More than 1,000 turn out for Hunter's funeral

Associated Press

HERTFORD, N.C. -- Jim "Catfish" Hunter probably would have despised this -- people dressed in suits making a fuss over him.

He was buried Sunday several hundred yards from the high school field where he began a baseball career that would send him to the Hall of Fame.

More than 1,000 family, friends and former major league teammates turned out for the funeral of the pitcher who won five World Series titles with the Oakland Athletics and New York Yankees.

Hunter died Thursday at 53, one year after learning he had Lou Gehrig's disease.

Former teammate and Seattle Mariners manager Lou Piniella missed his team's game in Baltimore to attend the service at Cedarwood Cemetery. Other former teammates in attendance included A's Joe Rudi, Vida Blue, Gene Tenace and "Blue Moon" Odom, and Yankees Ron Guidry and Reggie Jackson.

The Yankees sent general manager Brian Cashman and former manager and scout Gene Michael as their representative.

"I was looking forward to spending time with Catfish after the season. It didn't quite get to that," said Piniella, his eyes teary. "My wife and I and my young son are here to pay tribute to him. He was a great guy."

A 15-year-old Hertford boy stood outside the cemetery gate wearing a Yankees hat as the hearse carrying Hunter's drove by. Players placed flowers on Hunter's casket as they filed out of the cemetery.

Despite being baseball's first big free agent, Hunter always returned to this small eastern North Carolina town to live, and eventually retire.

"It's like taking out a part of your body, like ripping out your heart," former high school teammate Eddie Miller said.

Bill Crawford drove about 70 miles from Virginia Beach to stop by the cemetery and walk past Hunter's marble shrine on the town's main street, which had flowers sprawled along it's base.

"I'm not much into baseball. I just know the man and I understand he was a great guy," Crawford said. "I heard he was just a straight and honest man, and had one hellacious career as a pitcher. I just thought I would come down to see where he lived."

In one store, there was a baseball autographed by Hunter that had a sticker on the outside of the plastic case that read: "Ball not for sale."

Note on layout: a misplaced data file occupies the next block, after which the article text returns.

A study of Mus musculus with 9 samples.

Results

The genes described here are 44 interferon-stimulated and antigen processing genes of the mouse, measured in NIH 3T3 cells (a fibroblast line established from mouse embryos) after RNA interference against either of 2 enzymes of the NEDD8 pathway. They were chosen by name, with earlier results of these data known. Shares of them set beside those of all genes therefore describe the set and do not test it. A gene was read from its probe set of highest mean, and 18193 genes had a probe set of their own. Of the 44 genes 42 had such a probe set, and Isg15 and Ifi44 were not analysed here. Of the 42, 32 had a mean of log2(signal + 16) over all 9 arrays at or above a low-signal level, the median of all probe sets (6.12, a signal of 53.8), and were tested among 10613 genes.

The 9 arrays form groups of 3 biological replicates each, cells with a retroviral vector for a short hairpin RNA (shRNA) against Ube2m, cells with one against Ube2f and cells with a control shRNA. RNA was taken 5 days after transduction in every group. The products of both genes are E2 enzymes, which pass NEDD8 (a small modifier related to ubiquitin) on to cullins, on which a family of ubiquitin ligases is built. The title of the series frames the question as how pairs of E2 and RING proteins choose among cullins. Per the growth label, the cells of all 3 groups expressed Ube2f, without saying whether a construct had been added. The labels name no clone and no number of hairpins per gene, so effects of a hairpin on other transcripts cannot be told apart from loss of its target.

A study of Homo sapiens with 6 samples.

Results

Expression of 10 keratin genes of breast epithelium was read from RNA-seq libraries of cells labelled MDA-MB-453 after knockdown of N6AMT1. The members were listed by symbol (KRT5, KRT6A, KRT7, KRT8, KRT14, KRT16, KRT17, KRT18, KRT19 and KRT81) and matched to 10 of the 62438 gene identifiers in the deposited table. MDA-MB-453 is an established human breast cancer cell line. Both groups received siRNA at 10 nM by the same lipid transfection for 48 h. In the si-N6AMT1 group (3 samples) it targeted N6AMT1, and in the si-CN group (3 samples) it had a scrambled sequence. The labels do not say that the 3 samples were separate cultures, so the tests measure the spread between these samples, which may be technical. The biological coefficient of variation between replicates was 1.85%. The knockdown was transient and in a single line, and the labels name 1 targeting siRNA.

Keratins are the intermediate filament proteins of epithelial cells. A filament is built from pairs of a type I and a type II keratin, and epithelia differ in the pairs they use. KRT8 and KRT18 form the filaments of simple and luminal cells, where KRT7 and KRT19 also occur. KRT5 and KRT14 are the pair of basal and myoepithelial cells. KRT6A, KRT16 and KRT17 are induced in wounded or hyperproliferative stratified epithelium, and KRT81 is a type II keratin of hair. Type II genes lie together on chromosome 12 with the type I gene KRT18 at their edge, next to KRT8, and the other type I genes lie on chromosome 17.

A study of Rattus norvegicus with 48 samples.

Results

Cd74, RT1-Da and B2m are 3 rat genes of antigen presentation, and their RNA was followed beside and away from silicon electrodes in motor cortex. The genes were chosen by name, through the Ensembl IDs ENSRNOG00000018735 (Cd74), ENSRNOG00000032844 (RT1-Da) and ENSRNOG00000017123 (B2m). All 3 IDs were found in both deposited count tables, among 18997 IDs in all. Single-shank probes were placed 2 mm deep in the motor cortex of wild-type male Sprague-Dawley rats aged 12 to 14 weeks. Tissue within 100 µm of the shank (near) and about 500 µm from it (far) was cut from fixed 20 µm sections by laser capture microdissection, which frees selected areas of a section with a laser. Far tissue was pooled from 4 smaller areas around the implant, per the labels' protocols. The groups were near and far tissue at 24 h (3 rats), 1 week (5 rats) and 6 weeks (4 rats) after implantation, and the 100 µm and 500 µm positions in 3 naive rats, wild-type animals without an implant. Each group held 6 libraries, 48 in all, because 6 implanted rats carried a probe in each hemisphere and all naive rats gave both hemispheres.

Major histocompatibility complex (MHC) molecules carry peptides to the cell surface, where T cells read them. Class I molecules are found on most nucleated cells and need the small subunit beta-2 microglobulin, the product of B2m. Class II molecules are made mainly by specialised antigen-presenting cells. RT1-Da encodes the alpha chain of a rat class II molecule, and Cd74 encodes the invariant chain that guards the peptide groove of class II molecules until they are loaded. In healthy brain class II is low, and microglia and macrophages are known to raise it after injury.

The most striking floral arrangement at Hertford Baptist Church came from Hunter's three children and grandchild. It was a huge baseball arrangement with white mums and roses as the seams of the ball.

Another arrangement at the church came from the family of late A's owner Charlie O. Finley, who signed Hunter and brought him right to the majors without a day spent in the minors.

Hunter was unconscious for several days last month after falling and hitting his head on concrete steps. But he improved and was sent home to his Perquimans County farm on Saturday. However, he died in less than a week.

As the centerpiece of pitching staffs, first with the Athletics and then with the Yankees, Hunter won 224 games, produced five straight 20-victory seasons, a perfect game and a Cy Young Award.

The Rev. Keith Vaughan eulogized Hunter as a common man who cared deeply for others.

"He never ever acted as if he was too busy for us. He never acted like we were a bother to him -- I know sometimes we probably were," Vaughan said. "He never ever gave into the fact that he was famous and we weren't. He could just as easily slammed the door on us and told us to go on our way. That's not the kind of man he was.

"In all of my ministry this is perhaps the toughest day I have ever had because all of my life Catfish Hunter was my hero."

Hunter was the second Yankees Hall of Famer to die this year. Joe DiMaggio died March 8 at 84.

"It seems like: 'Am I dreaming or is this real?' " said Francis Combs, Hunter's high school catcher and pall bearer. "It just feels like it's a dream. It's going to seem funny to go to his house and he's not going to be there."